The Prowler

Sessions Denies Trans Rights under the Civil Rights Act

Senate Judiciary Committee Chairman Sen. Jeff Sessions (R-AL)

Senate Judiciary Committee Chairman Sen. Jeff Sessions (R-AL)

Glenn Fawcett/civilian

Glenn Fawcett/civilian

Senate Judiciary Committee Chairman Sen. Jeff Sessions (R-AL)

Noam Haykeen, Prowler Columnist


The days passed, and my great grandfather did not know what to do. Because of his faith, he was not able to obtain another job. He was barely able to afford food and, tragically, his landlord kicked him out.

He was hopeless. He suffered. He was alone.

Somehow, being Jewish made him less than others. His innate identity made him fail professionally. It allowed employers to discriminate against him.

Sickeningly, on Oct. 5, Attorney General Jeff Sessions rolled back an Obama-era policy that expanded protections given by the 1964 Civil Rights Act to transgender workers. In a two page memo, Sessions wrote that the Act does not prohibit “discrimination based on gender identity.”

In other words, he allowed employers to treat transgender individuals differently. He authorized discrimination against trans people in the workplace.

Sessions is explicitly and directly targeting the well-being of transgenders. He is encouraging the discrimination of innocent Americans. To put it simply: he is throwing a sector of our population down a ditch. His deep-rooted, narrow-minded mentality will soon affect the lives of Americans who are coming to terms with themselves.

My great grandfather Eliezer was treated differently for something he was unable to control. He was born into his religion. He should not have been punished for taking part in the Jewish faith. Likewise, there is research (such as this study in Functional Neurology) that proves trans people do not choose to identify with the opposite gender. Their identity is determined in the womb.

It is inhumane to disadvantage transgenders. Our government should shield them from hatred. The individuals who go into transition are brave. They are courageous. They comprehend that many dislike their actions. They understand that many will try to threaten them. But they block those voices and follow their identity. Their bravery should be celebrated, not ridiculed.

There is one word to describe Session’s action: cruel. He is ignorant. He is unwilling to educate himself on this subject. His anti-transgender attitude should be non existent in a country that values the “pursuit of happiness” and “justice for all.”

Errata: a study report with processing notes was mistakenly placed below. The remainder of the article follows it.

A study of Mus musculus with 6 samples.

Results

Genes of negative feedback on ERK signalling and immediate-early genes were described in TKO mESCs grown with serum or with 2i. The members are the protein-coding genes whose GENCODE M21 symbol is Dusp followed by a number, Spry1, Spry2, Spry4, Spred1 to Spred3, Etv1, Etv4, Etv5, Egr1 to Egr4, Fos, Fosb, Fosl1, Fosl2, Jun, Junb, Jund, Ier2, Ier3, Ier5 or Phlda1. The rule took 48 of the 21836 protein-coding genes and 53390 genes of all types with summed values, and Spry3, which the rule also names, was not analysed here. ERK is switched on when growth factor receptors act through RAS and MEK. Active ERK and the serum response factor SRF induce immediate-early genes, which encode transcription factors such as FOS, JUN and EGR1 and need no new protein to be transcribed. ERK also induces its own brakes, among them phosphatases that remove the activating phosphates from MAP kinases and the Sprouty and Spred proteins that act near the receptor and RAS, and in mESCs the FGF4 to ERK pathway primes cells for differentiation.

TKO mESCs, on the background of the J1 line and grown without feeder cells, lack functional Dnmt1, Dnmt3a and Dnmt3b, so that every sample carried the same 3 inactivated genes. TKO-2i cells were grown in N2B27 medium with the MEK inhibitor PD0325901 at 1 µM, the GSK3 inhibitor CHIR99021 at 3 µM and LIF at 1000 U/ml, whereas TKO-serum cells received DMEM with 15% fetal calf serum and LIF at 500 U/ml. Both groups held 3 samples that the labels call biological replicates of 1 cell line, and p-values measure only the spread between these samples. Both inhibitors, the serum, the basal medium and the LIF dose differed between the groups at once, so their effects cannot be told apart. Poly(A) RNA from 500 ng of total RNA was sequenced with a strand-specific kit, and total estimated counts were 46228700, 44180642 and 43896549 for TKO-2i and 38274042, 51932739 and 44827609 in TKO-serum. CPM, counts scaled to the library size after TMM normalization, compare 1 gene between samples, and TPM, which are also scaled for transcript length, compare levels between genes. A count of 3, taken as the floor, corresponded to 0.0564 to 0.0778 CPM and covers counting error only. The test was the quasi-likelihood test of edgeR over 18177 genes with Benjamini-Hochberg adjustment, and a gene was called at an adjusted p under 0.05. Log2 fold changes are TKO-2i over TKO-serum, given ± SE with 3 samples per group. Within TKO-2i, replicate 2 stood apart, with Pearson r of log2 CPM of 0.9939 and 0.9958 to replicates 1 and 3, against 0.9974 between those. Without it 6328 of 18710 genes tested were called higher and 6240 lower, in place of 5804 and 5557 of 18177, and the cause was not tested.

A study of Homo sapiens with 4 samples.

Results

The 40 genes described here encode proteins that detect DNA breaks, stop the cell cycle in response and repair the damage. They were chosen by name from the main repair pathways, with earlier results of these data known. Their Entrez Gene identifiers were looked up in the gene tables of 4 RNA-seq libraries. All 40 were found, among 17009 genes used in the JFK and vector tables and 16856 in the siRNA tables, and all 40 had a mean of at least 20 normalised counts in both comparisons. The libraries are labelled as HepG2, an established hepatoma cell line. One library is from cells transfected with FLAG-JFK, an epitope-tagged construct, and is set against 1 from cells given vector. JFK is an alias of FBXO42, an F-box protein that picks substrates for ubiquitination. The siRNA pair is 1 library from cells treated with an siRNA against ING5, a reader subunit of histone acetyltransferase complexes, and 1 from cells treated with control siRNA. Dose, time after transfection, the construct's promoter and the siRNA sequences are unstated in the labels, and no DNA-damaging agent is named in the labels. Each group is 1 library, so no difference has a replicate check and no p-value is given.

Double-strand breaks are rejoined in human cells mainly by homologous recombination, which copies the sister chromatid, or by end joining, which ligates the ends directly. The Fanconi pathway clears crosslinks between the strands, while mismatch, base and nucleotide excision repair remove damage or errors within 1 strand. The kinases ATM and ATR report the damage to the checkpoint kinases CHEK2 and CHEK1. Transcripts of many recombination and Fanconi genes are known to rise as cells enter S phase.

Furthermore, Session’s decision will hurt our country economically. According to the Center for American Progress, diversifying the workplace increases businesses’ market share. The U.S. will become more competitive globally by capitalizing on diverse talents and contributions.

Dr. Lise Spiegel, a psychologist in Los Angeles, expressed that “it is demoralizing for anyone who identifies as trans or is considering transitioning to be denied the basic civil rights that others enjoy.”

“Psychologically, no one likes to be treated like the ‘other.’ We know that suicide attempts are higher in the LGBTQ community, and [Session’s actions] will certainly not help that statistic. Being marginalized and excluded causes people to feel alone, hopeless and helpless.”

During the 20th Century, America granted opportunities to more individuals — from the suffrage movement of the 1920s, to the Voting Rights Act of 1965, to the Americans with Disabilities Act of 1990. And to culminate this progress, the first African-American president was elected in 2008. But now, the current administration is narrowing the types of people who receive certain rights. It is taking us back in time.

There are currently about 1.4 million people in America who are transgender, according to the New York Times. Giving employers the opportunity to marginalize them for the sole purpose of who they are is brutal.

The U.S. government should encourage people to follow their identity, not the contrary.

Since our country draws its strength from diversity — whether it is based on religion, race or sexual orientation — Congressional Democrats must protest Session’s decision. They must speak about this on the House and Senate floor. They need to demand the passage of new legislation that will reverse Session’s cold-blooded move on transgender workers.

My great grandfather was barbarically discriminated against for a factor that was out of his control. But something of that sort cannot happen again.

Transgenders are Americans. Just like everyone else in this country: they, too, deserve equal rights in the workplace.